Washington Awaits Potential Indictments in Plame Leak
RENEE MONTAGNE, host:
This is MORNING EDITION from NPR News. I'm Renee Montagne.
STEVE INSKEEP, host:
And I'm Steve Inskeep.
Today a grand jury finishes one of the most closely watched inquiries of recent years. The grand jury spent two years looking into the leak of a CIA officer's identity here in Washington. The two top aides for President Bush and Vice President Cheney are at the center of the investigation and the White House is bracing for the possibility of indictments. Now the grand jury's term is coming to a close at the same time the White House begins a new search for a Supreme Court nominee following yesterday's withdrawal of Harriet Miers. Joining us now to talk about all of this is NPR legal affairs correspondent Nina Totenberg.
Nina, good morning.
NINA TOTENBERG reporting:
INSKEEP: Busy day here. What can we expect today in the leak investigation?
TOTENBERG: Well, special counsel Patrick Fitzgerald is expected to make an announcement and Washington is hot with the heavy breath of reports that Vice President Cheney's chief of staff, Scooter Libby, is likely to be indicted and that the president's top political aide, Karl Rove, is working hard through his lawyers to persuade the prosecutor not to indict him. I wish I could tell you something with any conviction--no pun intended, Steve--but I really can't confirm anything with enough sources that I'm confident of anything. So I think we're just going to have to wait in the same state of suspended animation that the White House is in.
INSKEEP: Well, as we wait for reliable news, do we know what charges the special prosecutor here is considering?
TOTENBERG: Most of the speculation centers on perjury or obstruction. Scooter Libby, for instance, is said to have testified to the grand jury that he learned of the identity of CIA operative Valerie Plame from reporters. But the reporters, including Tim Russert of NBC and others, have denied that they gave any of that information--they knew that information even to give to him, and Libby's own notes show that he learned of Plame's identity from Vice President Dick Cheney shortly after Plame's husband went public with his criticism of the administration's weapons of mass destruction justification for the Iraq War.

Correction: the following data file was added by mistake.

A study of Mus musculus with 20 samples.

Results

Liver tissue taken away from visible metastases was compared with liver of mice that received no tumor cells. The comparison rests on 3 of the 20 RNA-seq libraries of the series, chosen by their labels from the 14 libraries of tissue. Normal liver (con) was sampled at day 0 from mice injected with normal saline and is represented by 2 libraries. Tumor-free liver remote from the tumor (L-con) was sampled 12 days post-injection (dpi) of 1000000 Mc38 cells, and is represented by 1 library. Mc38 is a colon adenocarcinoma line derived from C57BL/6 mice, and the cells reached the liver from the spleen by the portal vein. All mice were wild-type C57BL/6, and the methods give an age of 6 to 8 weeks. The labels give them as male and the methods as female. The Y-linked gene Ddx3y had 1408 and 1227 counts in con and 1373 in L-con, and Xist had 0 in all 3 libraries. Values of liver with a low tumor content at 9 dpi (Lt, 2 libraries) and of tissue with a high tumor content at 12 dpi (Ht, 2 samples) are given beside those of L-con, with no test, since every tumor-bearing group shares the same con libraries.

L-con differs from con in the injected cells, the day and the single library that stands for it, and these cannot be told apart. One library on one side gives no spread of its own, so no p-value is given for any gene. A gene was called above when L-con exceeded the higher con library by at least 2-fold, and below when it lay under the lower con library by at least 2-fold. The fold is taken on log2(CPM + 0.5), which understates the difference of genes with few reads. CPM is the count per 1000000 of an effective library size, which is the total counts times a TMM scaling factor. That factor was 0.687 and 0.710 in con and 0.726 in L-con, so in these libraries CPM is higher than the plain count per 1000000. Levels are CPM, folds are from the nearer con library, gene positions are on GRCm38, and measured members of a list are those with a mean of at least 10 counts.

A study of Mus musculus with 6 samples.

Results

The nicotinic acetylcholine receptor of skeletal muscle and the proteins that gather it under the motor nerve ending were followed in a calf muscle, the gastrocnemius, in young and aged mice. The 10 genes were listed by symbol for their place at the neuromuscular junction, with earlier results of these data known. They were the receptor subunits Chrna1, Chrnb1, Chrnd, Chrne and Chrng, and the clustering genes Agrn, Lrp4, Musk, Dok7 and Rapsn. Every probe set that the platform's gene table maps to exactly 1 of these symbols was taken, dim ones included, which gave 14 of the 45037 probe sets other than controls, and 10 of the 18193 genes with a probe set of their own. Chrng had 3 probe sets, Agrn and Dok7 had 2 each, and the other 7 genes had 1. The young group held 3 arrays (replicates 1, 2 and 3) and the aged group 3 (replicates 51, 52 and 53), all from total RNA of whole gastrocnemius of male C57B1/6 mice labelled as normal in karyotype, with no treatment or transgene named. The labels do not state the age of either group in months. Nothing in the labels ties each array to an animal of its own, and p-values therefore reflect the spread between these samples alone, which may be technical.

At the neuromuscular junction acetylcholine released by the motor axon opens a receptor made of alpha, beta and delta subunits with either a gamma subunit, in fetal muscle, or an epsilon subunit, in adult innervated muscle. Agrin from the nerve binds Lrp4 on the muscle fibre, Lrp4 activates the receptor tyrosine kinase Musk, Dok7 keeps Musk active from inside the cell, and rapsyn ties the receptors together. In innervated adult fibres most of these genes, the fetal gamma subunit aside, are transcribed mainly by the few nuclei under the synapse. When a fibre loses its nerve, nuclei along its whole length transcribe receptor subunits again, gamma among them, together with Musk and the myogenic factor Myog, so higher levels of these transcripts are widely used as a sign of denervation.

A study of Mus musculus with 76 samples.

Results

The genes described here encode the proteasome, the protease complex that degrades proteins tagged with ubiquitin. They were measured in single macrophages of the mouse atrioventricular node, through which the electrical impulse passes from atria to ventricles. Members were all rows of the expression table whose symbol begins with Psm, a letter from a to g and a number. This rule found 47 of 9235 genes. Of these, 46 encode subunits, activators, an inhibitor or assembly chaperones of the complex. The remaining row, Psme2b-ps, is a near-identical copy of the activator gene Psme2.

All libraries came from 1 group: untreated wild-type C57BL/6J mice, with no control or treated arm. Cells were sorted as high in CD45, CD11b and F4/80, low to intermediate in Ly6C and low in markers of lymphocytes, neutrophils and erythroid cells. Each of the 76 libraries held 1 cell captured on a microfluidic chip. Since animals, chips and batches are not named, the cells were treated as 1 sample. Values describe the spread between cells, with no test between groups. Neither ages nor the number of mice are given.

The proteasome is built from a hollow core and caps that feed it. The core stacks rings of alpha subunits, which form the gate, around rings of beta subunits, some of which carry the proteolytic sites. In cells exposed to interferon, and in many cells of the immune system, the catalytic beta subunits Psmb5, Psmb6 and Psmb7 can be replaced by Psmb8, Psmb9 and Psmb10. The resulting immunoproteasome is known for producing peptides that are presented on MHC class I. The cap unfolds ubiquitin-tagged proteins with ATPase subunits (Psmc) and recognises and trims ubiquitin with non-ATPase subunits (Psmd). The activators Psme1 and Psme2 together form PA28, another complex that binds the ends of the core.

As for Karl Rove, he failed to tell the grand jury about his conversation about Plame with Time magazine reporter Matt Cooper. After Cooper testified before the grand jury and provided his notes, Rove, in his fourth appearance before the grand jury, testified that the conversation had slipped his mind. And there may be more information. In fact, there probably is more information that's not yet become public and that we may or may not learn today. Indeed, I've been told by some sources that there are already indictments that have been handed up by the grand jury and sealed. And I've been told by other sources that no indictments have been voted on yet, so that the grand jury's tenure could be extended again.
INSKEEP: And remarkable timing here. All of this speculation comes just a day after the president withdrew Harriet Miers' nomination to the Supreme Court, which leads to the question of, well, who comes next? Who are you hearing about? Who's on the short list?
TOTENBERG: The White House seems to be still reeling over this and what could be coming down the pike from special counsel Fitzgerald and his grand jury. But what I've been told by Republican and White House sources is that the president's criteria--when he picked Miers that he had three criteria: a woman, a conservative and no fight with the Democrats. And the only person who met all those criteria, or so the White House thought, was Miers. And, of course, she had a fight with the Republicans. So it seems likely one or more of those criteria will go.
The conservatives who bashed her for the first 24 days of her nomination--well, you know, it could be that they're going to decide that they really need to go in that direction. But some of them like having a fight. Some of these groups are--raise money from a fight. They want a fight. They think it'll help them in 2006, but the president has an awful lot of big things on his plate right now and he might want to avoid a big fight. The women that I've heard mentioned, most of them would provide a very big fight: Edith Jones, Janice Rogers Brown, Priscilla Owen, these are all federal judges. Karen Williams is the new flavor of the week from South Carolina, also very conservative, would likely provide a big fight.
TOTENBERG: And if we went to men, of course, there are a lot of big brains on that list.
INSKEEP: And we'll keep...
TOTENBERG: And most of them would provide a fight, too.
INSKEEP: And we'll keep talking about that. Nina, thanks.
That's NPR's legal affairs correspondent Nina Totenberg.
NPR transcripts are created on a rush deadline by Verb8tm, Inc., an NPR contractor, and produced using a proprietary transcription process developed with NPR. This text may not be in its final form and may be updated or revised in the future. Accuracy and availability may vary. The authoritative record of NPR’s programming is the audio record.